WASHINGTON (AP)--Farmers who lost crops to drought and other weather-related problems last year are getting less than 70 cents for every dollar in losses because there was too little money to go around, the U.S. Department of Agriculture said April 4.

USDA received $1.85 billion in claims, and had $1.3 billion appropriated by Congress to cover them.

About 260,000 producers are receiving payments of as much as $55,680 per farmer.

USDA covered 85 cents of every dollar in claims on 1998 crop disasters.

"Despite a vibrant national economy, these are difficult times for America's farmers and ranchers," said Keith Kelly, administrator of USDA's Farm Service Agency. "This assistance should provide additional, needed relief to farmers still reeling from recent costly natural disasters."

USDA decided to distribute the disaster aid in two installments, knowing that the claims would have to be prorated. Payments totaling $500 million were made earlier, while checks for the remaining $800 million are going out this week.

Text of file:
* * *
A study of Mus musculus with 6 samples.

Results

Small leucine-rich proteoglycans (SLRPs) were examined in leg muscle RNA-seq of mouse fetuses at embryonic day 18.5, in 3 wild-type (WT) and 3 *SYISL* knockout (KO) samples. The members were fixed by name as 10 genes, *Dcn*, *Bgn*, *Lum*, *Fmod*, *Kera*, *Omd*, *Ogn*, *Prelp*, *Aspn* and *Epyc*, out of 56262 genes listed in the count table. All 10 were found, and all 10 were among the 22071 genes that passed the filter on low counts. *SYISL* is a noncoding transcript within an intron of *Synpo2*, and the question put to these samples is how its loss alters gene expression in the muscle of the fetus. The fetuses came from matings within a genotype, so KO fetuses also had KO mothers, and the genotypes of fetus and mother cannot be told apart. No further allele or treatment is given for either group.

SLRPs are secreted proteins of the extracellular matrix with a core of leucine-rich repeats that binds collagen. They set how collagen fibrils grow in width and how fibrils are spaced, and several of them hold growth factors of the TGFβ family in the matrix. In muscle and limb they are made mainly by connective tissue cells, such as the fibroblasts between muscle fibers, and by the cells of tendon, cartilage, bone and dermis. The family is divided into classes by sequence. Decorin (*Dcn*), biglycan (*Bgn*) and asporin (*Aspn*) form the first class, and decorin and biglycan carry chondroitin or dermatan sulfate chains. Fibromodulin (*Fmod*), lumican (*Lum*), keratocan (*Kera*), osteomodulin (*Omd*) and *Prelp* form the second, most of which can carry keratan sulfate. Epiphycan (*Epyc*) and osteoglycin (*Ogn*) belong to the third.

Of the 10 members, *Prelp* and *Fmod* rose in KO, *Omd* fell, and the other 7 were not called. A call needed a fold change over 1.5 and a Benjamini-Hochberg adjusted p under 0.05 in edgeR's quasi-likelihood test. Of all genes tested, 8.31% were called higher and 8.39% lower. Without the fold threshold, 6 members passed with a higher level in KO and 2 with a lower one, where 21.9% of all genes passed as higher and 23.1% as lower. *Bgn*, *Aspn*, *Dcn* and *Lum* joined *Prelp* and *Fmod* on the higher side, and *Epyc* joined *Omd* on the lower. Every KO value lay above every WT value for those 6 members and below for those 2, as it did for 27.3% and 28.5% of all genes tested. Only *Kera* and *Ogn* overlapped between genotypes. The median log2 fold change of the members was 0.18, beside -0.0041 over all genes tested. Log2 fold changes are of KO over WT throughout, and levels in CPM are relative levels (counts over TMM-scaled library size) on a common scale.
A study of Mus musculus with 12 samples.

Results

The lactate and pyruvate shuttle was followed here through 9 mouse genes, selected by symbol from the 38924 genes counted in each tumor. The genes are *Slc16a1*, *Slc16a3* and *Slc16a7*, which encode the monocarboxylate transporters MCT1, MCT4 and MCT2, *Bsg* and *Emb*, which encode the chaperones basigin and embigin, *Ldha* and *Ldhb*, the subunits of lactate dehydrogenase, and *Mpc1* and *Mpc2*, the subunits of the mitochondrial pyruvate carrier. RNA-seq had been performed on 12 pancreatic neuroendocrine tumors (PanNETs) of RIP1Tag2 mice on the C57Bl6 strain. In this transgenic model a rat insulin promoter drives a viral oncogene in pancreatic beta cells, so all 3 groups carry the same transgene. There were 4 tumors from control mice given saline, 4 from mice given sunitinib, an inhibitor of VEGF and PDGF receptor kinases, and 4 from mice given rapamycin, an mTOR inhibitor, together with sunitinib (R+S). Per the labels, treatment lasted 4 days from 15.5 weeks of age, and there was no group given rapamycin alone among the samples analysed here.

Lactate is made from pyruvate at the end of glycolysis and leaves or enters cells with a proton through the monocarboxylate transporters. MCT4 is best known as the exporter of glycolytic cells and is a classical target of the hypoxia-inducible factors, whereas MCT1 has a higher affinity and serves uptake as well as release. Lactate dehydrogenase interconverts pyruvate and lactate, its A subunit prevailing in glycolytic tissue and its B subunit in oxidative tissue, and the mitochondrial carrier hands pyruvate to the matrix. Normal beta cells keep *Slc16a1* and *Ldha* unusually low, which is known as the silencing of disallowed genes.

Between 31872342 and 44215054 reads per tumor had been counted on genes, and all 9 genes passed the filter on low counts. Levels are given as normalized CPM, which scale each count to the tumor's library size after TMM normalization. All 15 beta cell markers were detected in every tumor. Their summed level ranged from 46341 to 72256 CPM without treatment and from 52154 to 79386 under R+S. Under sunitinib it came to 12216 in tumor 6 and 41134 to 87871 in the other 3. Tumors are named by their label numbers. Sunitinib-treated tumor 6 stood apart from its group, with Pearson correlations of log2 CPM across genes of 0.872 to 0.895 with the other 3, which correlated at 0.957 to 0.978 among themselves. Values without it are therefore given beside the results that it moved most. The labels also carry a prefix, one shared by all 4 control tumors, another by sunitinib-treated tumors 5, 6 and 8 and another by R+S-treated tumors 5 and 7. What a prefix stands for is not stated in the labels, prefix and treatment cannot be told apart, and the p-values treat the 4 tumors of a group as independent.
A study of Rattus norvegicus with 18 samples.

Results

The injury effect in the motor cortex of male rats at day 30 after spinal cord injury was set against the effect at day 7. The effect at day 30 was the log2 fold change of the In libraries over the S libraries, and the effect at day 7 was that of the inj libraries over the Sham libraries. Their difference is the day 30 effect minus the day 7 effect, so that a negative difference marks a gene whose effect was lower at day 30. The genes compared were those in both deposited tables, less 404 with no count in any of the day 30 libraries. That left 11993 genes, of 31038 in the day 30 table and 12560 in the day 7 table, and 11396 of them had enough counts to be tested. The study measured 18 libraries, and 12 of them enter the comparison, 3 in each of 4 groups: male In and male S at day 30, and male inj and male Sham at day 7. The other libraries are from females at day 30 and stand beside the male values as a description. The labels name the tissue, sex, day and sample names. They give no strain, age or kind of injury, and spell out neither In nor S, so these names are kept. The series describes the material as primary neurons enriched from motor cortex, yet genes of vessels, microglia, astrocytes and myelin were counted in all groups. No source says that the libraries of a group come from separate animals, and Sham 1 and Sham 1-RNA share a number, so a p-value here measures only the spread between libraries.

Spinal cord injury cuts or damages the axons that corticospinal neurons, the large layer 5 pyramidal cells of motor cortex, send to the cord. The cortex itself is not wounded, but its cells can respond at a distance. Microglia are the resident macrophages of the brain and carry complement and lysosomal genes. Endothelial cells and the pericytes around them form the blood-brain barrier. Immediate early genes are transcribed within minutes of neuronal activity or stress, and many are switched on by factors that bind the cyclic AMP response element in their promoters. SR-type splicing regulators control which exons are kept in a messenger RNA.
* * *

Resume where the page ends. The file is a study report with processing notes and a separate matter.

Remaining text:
Texas received the most in total payments, $196.8 million, followed by North Dakota, $143.6 million; Georgia, $73.5 million; California, $68.7 million; and North Carolina, $64.7 million.

Lawmakers from the Northeast, hard hit by last summer's drought, have been working to get Congress to approve additional aid to farmers.

"Congress has been very generous in providing emergency aid to farmers in the Midwest and the South when their crops are devastated. We need to have some equal treatment for farmers in the Northeast," said Wendy Darwell, a spokeswoman for Rep. Maurice Hinchey, D-NY.

Hinchey has sought an additional $150 million in aid. The House Rules Committee refused to allow him to offer an amendment to a supplemental appropriations bill, so he hopes to add the money to USDA's 2001 budget, Darwell said. Hinchey is a member of the House agricultural appropriations subcommittee.